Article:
Literary Studies

Walter Scott at 250: Looking forward by Caroline McCracken-Flesher and Matthew Wickman


Walter Scott, born on 15 August 1771, turns 250 in 2021. This event has been celebrated in Scotland with events such as a ScottFest at ‘Abbotsford’, his home, and a major international conference. But Scott, almost certainly the most popular and widely known author in the world in the nineteenth century, fell disastrously in public and critical esteem, to the point that E.M. Forster, in his influential Aspects of the Novel (1927), could sum him up with the wearily dismissive question ‘Who shall tell us a story?’ and the equally dismissive answer ‘Sir Walter Scott of course’. For Forster, Scott had ‘a trivial mind and a heavy style’.



With its finely honed critical readings and ‘transversal connections’, The Oxford Handbook of Dante is a timely and masterful collection of forty-four chapters presenting contemporary critical insights from a broad choice of intellectual fields that range from Italian and European perspectives to Anglo-American approaches. Highlighting Dante’s expansive outreach over the centuries, the editors, Manuele Gragnolati, Elena Lombardi, and Francesca Southerden, have assembled an impressive array of scholarly voices whose contributions offer a robust critical collection not exclusively intended for specialist readers.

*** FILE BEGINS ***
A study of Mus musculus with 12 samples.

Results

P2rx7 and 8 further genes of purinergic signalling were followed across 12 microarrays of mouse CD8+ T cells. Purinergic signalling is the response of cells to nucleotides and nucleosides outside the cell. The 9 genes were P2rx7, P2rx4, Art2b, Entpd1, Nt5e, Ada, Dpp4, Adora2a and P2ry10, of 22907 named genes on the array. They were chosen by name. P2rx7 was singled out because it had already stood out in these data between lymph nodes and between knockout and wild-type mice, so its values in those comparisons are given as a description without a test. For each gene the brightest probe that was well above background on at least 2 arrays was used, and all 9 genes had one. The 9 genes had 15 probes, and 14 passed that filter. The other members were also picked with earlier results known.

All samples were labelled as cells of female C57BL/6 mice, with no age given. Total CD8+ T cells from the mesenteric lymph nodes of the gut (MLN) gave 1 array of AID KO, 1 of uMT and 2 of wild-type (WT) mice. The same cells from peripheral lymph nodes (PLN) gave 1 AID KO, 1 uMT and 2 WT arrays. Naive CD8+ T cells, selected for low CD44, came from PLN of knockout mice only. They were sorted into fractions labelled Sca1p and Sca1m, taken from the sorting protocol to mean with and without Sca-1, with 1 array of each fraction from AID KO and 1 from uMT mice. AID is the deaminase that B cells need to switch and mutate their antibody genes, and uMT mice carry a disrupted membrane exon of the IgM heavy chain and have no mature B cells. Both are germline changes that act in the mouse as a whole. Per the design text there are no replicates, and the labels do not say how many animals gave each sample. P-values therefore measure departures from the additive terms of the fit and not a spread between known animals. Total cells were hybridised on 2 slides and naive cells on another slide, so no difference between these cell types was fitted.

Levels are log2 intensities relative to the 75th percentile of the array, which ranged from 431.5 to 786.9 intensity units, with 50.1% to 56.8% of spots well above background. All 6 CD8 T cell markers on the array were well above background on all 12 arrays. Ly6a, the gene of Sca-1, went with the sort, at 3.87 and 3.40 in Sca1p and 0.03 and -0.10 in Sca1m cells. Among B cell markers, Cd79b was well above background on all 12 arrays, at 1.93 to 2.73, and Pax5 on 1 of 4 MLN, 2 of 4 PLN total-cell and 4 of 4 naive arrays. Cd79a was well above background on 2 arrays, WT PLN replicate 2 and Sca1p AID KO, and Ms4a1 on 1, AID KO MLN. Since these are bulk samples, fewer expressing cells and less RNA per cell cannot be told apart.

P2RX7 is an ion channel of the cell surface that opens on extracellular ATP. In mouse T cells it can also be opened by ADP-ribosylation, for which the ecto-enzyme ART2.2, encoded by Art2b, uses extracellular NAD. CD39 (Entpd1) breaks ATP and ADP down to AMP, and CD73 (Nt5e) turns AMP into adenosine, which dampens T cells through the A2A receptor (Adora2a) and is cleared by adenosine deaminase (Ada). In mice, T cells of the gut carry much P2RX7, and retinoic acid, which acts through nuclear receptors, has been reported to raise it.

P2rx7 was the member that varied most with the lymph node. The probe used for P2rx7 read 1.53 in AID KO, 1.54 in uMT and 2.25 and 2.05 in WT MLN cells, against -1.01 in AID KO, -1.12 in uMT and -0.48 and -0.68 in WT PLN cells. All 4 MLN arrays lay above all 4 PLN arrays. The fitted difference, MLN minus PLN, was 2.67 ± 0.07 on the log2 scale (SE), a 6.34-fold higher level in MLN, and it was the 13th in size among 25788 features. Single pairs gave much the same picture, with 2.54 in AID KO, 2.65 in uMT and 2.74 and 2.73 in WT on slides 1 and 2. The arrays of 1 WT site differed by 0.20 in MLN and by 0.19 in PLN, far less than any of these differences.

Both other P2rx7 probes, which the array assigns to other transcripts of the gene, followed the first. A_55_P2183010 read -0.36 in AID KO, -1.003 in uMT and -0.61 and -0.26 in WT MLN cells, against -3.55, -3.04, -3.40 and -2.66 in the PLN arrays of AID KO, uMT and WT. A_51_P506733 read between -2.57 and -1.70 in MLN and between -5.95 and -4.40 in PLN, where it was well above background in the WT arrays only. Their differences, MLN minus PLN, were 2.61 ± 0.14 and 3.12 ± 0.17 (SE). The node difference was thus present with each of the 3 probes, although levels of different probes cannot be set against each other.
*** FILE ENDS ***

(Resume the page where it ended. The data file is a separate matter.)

The first essay in Christopher Ricks’s Along Heroic Lines is the text of his inaugural lecture as Professor of Poetry at Oxford, an honorary post he held from 2004 to 2009. He takes as his subject the formal distinction between poetry and prose. If one is going to be a professor of poetry, the least one can do is arrive at a satisfactory definition of one’s object of study. To this end, Ricks summons to the witness stand an august procession of English poets and critics – Samuel Johnson, Samuel Taylor Coleridge, Matthew Arnold, Alfred Tennyson, W.H. Auden, A.C. Bradley – and considers their authoritative pronouncements on the matter, only to arrive at the inconvenient conclusion that a strict line of demarcation is difficult to sustain.





Let’s start with a portrait. The year is 1993. The book is My Kind of People. Its author is Wayne Coolwell, a journalist. Who are Coolwell’s kind of people? Ernie Dingo, for one. Sandra Eades. Noel Pearson. Archie Roach. And there, sandwiched between opera singer Maroochy Barambah and dancer Linda Bonson is Stan Grant, aged thirty. Circa 1993, Grant is a breakthrough television presenter and journalist whose mother remembers him coming home to read the newspaper while the other kids went to play footy. ‘[T]here was a maturity and a sense of order about him,’ Coolwell writes. The order belies his parents’ life of ‘tin humpies, dirt floors, and usually only the one bed for all the kids in the family’.